In preparing for an upcoming talk, I’ve been thinking a lot about this image.
My mastectomy and reconstructive surgery was a just month away when I finally had my hospital “before” photos taken. I’d canceled twice. These official photos would clinically document a version of me that would soon no longer exist. Subconsciously I sensed that they were a marker that would indicate I’d passed into new territory, and so I delayed them as long as I could.
The hospital wasn’t equipped with a dedicated photographic studio, so Maja Daniels and I found ourselves in the ophthalmology department, in a room that had been converted into a photo studio for the day. Large portable lights stood in the corners of the small room, one pushed close to a white porcelain sink and the other hovering just behind Maja. A blue screen hung from one wall. Maja became a sort of meta-photographer, photographing the photography of a patient’s official photographs.
The hospital photographer had quite an energy about her; I was more than a bit subdued. The room was cold (apologies from the photographer), and I was asked to strip down to the waist. I stood in front of the blue screen:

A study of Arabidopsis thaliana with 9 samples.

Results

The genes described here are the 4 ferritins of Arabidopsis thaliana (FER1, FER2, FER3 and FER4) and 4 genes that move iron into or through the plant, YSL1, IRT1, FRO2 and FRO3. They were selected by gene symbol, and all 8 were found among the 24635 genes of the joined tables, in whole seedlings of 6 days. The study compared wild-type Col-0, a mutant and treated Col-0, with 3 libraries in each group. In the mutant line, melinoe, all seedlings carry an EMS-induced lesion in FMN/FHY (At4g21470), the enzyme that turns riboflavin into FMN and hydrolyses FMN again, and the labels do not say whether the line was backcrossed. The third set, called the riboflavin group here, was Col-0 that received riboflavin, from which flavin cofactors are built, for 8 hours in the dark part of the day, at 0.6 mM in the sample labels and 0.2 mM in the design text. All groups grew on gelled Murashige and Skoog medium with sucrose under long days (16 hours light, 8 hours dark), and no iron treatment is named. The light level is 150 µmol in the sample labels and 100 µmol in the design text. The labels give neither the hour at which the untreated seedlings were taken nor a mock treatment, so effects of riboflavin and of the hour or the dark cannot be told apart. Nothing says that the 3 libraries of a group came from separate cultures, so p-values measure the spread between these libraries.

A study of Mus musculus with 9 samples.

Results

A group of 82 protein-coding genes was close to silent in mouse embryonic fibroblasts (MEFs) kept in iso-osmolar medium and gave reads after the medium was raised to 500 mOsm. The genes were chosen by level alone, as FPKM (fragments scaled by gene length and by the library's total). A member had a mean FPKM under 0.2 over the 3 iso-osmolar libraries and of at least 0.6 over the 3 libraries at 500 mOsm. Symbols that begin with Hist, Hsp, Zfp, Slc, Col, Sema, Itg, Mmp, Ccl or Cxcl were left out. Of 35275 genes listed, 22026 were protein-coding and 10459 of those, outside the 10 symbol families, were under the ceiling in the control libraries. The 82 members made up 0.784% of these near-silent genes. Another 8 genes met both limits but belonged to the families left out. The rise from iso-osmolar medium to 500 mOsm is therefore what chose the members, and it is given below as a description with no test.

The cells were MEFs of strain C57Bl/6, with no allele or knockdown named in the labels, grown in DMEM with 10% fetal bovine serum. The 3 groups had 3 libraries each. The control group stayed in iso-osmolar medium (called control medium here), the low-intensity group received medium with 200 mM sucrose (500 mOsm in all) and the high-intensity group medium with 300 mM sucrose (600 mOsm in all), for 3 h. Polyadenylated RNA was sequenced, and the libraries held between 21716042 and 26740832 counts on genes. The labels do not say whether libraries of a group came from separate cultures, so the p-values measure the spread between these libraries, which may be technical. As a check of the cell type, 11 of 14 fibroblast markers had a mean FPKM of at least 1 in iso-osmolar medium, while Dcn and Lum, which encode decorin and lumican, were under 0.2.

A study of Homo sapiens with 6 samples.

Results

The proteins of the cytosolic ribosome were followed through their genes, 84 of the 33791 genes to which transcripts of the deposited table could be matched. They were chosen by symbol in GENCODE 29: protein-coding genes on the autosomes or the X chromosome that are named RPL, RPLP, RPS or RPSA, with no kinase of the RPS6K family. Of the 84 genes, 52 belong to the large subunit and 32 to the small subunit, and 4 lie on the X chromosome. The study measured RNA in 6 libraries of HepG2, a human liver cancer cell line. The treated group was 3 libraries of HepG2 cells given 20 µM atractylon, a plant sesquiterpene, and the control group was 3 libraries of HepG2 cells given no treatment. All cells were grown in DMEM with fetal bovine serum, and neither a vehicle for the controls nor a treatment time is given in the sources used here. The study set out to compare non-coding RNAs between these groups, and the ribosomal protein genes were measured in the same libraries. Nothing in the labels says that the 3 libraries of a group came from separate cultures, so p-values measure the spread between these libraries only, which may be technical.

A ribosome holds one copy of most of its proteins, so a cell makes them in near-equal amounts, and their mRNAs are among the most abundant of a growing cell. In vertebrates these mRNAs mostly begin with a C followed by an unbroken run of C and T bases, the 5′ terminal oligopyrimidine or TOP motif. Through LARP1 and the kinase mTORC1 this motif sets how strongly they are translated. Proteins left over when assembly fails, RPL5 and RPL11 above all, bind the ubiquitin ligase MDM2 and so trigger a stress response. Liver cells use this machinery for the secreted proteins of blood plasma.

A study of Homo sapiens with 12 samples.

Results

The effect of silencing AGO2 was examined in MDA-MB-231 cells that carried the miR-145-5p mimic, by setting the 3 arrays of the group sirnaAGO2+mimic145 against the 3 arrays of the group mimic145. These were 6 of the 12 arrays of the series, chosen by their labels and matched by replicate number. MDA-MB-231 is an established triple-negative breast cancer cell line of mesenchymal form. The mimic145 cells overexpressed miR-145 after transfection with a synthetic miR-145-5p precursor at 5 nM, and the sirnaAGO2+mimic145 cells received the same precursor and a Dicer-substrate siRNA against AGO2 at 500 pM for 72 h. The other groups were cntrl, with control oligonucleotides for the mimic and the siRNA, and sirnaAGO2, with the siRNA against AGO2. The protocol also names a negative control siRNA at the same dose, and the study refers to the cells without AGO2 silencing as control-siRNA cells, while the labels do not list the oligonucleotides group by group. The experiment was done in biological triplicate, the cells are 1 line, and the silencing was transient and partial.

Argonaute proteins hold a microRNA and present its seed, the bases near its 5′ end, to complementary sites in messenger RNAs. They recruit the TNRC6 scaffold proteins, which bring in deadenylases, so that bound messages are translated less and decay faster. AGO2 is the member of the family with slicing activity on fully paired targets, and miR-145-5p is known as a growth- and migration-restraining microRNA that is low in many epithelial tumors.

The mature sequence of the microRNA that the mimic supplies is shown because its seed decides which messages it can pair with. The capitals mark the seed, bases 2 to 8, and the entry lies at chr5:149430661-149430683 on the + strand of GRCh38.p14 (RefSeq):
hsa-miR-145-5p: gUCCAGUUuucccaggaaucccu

Arms up and out to side… click
face the corner of the room, arms behind the back (like this)… click
face the other corner… click
now the left profile… click
and right profile… click
and we’re done.
The session was perfunctory. In those brief moments, my living, breathing body became “a” body, an object. My breasts became specimens, their photographs referential imagery. The final records of something that would soon be excised and rebuilt with synthetic material.
It was a year later that Maja asked me to respond to some of her images, like this one, and I found my way to stitching over and into them. I tried to remember who that “before” person was. I held myself in my hands with care. The thread in my hand linked past to present, linked patient to artist.
I chose this preventive process, but that didn’t make the decision an easy one. Or the results natural-looking, naturally beautiful. Still, I would do it again. I have no regrets. I am grateful to have had the option.